One of the ports of call on my recent visit to central America and the Caribbean was the island of Providencia in the island group of San Andres, a department of Colombia. It was an exciting place to visit since it had once been part of what was called The Mosquito Coast which for a period in the 19th century had been one of the more obscure parts of The British Empire, albeit one with a rather limited postal history.
|Colombian naval vessel off Providencia|
The arrival of the colonists on the island had the consequence of bringing the British into their first contact with the Miskito Indians who lived on the nearby Mosquito Coast, on the eastern coast of what is now Nicaragua and southern Honduras. The Providence Island Company sent the son of the King of The Mosquito Coast to London to visit the court of King Charles I and the prince returned to central America on his father's death to become king there. Despite the loss of Providence Island, the English resumed contact with The Mosquito Coast in 1655 after seizing Jamaica from the Spanish and King Oldman visited the court of King Charles II who gave him a "lac'd hat" and a commission to "kindly use and relieve such straggling Englishmen as should chance to come that way".
The Miskito king, Edward, concluded a formal treaty of friendship and alliance with Britain in 1740 and subsequently the British and the Miskito cooperated in attacks on Spanish settlements. From 1742, King Edward allowed the British to establish plantations and settlements in Miskito territory and several hundred Englishmen with thousands of their African slaves lived there by 1786. Although the Spanish were unable to dislodge the British from the Mosquito Coast during the American War of Independence, by the 1786 Convention of London the British evacuated their settlers from the territory to Belize.
From 1787 the Spanish brought settlers from the Canary Islands to The Mosquito Coast but the attempted colonisation was not successful and the Miskito King George II attacked and liberated the town of Bluefields in 1797 and expelled the Spanish from the rest of his territory in September 1800. With the wars of independence against the Spanish in the second decade of the 19th century, the Miskito renewed their alliance with Great Britain and their kings travelled to Belize for their coronations, the first being King George Frederic Augustus in 1816. In 1844, the Miskito agreed to the establishment of a formal protectorate by the British although this was opposed by The United States, Nicaragua and Honduras. The Americans feared that the British would dominate the building of a canal across Central America and almost went to war with Great Britain when, in 1848, the latter seized San Juan Del Norte which they renamed Greytown. The Americans bombarded Greytown in 1854 but after negotiations, Britain passed on its protectorate of The Mosquito Coast to Honduras.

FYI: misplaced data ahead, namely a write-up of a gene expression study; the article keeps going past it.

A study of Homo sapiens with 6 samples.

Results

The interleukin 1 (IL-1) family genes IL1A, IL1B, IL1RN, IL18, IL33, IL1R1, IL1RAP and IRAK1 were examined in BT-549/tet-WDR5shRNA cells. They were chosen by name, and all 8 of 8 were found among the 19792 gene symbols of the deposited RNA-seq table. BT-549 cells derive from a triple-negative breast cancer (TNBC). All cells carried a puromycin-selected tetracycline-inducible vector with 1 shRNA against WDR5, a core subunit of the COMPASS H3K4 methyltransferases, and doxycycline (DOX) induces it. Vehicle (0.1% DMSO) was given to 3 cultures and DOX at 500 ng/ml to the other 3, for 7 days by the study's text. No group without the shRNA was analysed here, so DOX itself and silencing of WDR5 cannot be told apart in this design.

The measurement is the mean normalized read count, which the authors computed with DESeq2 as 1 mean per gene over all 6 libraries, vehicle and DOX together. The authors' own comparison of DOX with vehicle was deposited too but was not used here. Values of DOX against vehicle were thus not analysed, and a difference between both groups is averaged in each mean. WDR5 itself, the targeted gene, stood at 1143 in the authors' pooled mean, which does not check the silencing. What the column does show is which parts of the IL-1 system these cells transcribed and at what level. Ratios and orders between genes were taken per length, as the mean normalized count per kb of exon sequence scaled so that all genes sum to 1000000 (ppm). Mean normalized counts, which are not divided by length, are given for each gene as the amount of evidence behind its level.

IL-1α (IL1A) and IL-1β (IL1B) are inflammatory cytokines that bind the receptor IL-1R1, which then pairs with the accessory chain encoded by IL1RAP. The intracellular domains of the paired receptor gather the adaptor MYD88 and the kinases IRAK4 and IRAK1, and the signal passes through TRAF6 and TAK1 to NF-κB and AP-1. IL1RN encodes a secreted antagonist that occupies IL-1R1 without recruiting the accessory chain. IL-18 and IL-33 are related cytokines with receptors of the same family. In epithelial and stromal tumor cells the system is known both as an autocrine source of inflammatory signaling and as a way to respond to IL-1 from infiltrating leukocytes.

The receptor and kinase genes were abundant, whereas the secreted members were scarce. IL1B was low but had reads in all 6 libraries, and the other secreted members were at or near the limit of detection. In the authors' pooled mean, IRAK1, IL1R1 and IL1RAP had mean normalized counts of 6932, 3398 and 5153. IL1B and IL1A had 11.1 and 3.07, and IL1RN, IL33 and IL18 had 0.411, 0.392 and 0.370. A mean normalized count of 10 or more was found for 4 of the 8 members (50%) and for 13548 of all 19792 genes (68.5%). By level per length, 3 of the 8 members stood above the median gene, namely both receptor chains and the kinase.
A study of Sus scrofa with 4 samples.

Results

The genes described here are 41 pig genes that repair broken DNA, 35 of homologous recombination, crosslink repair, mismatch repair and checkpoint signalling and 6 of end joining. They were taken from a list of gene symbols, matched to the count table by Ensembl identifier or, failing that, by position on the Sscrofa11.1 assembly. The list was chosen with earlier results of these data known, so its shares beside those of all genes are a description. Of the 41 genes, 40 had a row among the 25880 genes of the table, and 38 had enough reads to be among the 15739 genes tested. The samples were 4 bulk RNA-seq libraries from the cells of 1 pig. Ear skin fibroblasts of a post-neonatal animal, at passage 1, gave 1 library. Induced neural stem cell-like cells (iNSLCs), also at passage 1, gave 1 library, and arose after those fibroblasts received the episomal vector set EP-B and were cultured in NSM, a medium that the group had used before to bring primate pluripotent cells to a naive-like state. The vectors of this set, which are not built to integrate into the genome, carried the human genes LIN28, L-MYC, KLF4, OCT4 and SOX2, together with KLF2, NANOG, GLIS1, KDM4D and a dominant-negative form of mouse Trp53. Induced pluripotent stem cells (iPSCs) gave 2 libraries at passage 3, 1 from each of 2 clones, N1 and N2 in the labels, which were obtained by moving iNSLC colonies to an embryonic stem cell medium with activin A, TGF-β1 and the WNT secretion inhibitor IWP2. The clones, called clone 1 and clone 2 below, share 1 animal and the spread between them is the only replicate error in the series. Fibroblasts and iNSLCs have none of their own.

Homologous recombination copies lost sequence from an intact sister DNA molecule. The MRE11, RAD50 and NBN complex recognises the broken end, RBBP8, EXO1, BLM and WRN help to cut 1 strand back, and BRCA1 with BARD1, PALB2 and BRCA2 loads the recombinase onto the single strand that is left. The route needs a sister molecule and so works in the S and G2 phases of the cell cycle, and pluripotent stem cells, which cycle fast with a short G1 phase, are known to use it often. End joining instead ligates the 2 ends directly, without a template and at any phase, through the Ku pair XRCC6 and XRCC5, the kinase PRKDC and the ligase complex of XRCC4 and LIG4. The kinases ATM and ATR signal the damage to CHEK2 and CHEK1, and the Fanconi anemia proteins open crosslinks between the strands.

This was against the wishes of the Miskito who consequently staged a revolt and as a result the British made an agreement with Nicaragua which transferred the suzerainty of The Mosquito Coast to that country. Nicaragua recognised the sovereignty of Colombia over Providencia and the other San Andres Islands in 1928.
During the period of British domination, The Mosquito Coast flew a flag from 1834 to 1860 and this is depicted at the top of this blog. As regards its postal service, Greytown was included in the Royal West Indian Mail Steam Packet Company's network from January 1842 as part of the Jamaica District. This arrangement was discontinued in September 1842 but mail packets called at Greytown again by November 1844. The Greytown office increased in importance when gold was discovered in California and the first distinctive local postmark was used from February 1856. An agency which did not have its own postmark operated at Bluefields from 1857 to 1863. The first handstamp, which was in red, is featured in Stanley Gibbons Catalogue and depicted below:-
A circular postmark was introduced at Greytown in 1864:-
and a third obliterator postmark was used from 1865 at the British postal agency in Greytown with the number C57 in horizontal format applied to contemporary British adhesive stamps which were introduced there in 1865. However, adhesive stamps were only used for one year. From 1875, a fourth postmark was used which combined a small circular date mark with a vertical C57 obliterator cancel for use on reintroduced contemporary British stamps in denominations from a halfpenny to 10 shillings:-
The British post office in Greytown was closed in May 1882 when Nicaragua became a member of the Universal Postal Union. Thus ended Britain's philatelically relevant links with one of its more little-known territories.